Hat Tip @BradParler for tweeting on this …
This seems like a really bad idea – running an interstitial-style ad for a new movie promo that completely takes over the digital menus at a McDonald’s somewhere in the U.S.
Presumably, given it is an expensive spot and McDonald’s has a Happy Meal tie-in with the movie, this is happening in way more than one location.
This came up in a tweet from a guy named @gusbuckets, a comic and video-blogger. This does not look like a prank, however, just a comment.
Wow. McDonald’s now blocks out the entire menu to show an ad every minute or so. Great design. Makes it real easy to order. pic.twitter.com/GxPTaxdmML
— Gus Danger Johnson (@Gusbuckets) July 24, 2019
Commercials on broadcast and online routinely get in the way of what we want to watch and what we want to do, but this seems like a terribly flawed idea, even if the argument can be made that most people dining in a McDonald’s would be deeply familiar with the menu.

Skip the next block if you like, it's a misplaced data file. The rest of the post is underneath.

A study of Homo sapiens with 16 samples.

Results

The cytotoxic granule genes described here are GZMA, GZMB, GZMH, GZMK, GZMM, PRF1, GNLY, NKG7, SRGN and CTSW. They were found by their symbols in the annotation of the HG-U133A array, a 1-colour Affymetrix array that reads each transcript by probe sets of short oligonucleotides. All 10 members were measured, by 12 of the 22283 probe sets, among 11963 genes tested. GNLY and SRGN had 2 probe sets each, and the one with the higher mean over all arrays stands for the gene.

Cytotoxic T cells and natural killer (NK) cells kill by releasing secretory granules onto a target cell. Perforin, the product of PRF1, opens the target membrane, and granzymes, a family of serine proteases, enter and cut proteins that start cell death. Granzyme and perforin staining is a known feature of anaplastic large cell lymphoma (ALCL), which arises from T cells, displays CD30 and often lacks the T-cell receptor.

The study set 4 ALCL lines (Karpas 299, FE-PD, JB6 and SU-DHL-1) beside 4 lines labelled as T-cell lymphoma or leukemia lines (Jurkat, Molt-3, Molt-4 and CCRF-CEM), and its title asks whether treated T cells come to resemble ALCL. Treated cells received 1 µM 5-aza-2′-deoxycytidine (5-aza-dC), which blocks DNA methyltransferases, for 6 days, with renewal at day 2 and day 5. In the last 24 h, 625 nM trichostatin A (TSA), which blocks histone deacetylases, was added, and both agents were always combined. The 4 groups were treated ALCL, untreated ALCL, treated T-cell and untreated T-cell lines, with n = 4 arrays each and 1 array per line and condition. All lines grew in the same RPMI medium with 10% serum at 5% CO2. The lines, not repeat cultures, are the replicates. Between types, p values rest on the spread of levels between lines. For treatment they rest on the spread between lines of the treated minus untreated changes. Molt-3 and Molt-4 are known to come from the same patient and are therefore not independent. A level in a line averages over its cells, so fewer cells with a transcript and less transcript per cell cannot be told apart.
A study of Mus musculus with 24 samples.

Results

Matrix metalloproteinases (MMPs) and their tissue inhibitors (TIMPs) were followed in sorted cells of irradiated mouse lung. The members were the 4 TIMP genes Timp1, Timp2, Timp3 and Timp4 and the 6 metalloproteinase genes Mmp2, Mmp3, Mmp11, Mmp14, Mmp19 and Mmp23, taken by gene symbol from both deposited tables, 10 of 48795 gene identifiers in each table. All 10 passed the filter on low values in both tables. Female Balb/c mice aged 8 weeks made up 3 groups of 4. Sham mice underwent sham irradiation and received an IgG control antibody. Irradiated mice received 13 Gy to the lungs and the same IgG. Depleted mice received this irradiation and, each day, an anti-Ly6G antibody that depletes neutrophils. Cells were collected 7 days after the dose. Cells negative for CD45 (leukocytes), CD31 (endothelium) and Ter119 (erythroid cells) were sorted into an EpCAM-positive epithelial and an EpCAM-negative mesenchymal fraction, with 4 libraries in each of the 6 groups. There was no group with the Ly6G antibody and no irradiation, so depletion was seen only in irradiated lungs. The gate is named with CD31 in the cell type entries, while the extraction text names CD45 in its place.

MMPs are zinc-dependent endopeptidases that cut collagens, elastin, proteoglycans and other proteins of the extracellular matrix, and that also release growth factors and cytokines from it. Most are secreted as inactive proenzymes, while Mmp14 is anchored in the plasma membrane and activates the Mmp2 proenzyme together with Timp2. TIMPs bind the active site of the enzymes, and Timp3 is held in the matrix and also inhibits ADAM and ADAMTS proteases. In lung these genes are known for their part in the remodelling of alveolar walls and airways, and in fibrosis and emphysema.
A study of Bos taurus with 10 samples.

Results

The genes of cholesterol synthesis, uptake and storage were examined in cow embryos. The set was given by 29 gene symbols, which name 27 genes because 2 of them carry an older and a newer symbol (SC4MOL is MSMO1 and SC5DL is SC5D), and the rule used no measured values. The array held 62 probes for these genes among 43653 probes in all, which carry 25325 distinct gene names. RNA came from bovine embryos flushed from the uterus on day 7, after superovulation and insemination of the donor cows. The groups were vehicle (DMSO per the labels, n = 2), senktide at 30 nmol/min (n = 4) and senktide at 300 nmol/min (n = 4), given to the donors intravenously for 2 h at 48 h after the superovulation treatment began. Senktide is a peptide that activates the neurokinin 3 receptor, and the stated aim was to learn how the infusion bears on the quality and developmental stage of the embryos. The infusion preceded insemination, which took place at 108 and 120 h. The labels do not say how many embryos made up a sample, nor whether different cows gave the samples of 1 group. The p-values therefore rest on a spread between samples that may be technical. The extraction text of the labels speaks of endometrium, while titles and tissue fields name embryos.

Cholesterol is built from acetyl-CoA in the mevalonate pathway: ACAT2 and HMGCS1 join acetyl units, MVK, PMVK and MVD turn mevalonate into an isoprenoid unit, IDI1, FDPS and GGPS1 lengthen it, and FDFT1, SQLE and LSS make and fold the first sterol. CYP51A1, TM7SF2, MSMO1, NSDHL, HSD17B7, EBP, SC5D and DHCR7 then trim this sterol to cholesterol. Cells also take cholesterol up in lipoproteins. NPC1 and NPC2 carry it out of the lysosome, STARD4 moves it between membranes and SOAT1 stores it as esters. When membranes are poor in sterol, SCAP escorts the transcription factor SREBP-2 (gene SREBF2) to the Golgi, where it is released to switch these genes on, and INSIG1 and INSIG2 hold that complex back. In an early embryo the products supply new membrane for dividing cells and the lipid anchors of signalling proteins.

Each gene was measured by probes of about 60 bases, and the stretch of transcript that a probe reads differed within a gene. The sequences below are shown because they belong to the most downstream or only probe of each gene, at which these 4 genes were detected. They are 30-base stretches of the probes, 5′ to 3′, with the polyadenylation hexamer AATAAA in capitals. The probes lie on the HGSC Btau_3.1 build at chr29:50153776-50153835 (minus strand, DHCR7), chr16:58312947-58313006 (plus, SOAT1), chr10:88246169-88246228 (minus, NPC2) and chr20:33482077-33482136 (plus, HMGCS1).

Regardless what you think of the food, it would likely irritate anyone over the age of 9 to get in line, start scanning menu options, and then watch it disappear as a kids’ movie promo takes over.
I did a big consulting job a few years ago for a big Canadian QSR and the merchandising team told me it tested takeovers of their menuboards for brief restaurant promos. Not third-party ads, their own promos for donuts. It then surveyed customers, on premise, whose general response was: “Stop f*cking around with the menus!”
Promos, I get, on secondary screens, used around dining areas and flanking the counter to hump specials and other materials. But not on the main, order-generating screens. Because this is a solid wall and I don’t see counter staff, I wonder a little if the store has ANOTHER menu board array at the counter and its not being interrupted … but still …
You have to think McDonald’s marketing people thought this out, and maybe tested it.
Reddit is not even slightly a good measure of public opinion, but on that discussion forum, the opinion is reliably caustic.
— Brad Parler (@BradParler) July 25, 2019
Dave Haynes is the founder and editor of Sixteen:Nine, an online publication that has followed the digital signage industry for some 14 years. Dave does strategic advisory consulting work for many end-users and vendors, and also writes for many of them. He’s based near Halifax, Nova Scotia, on Canada’s east coast.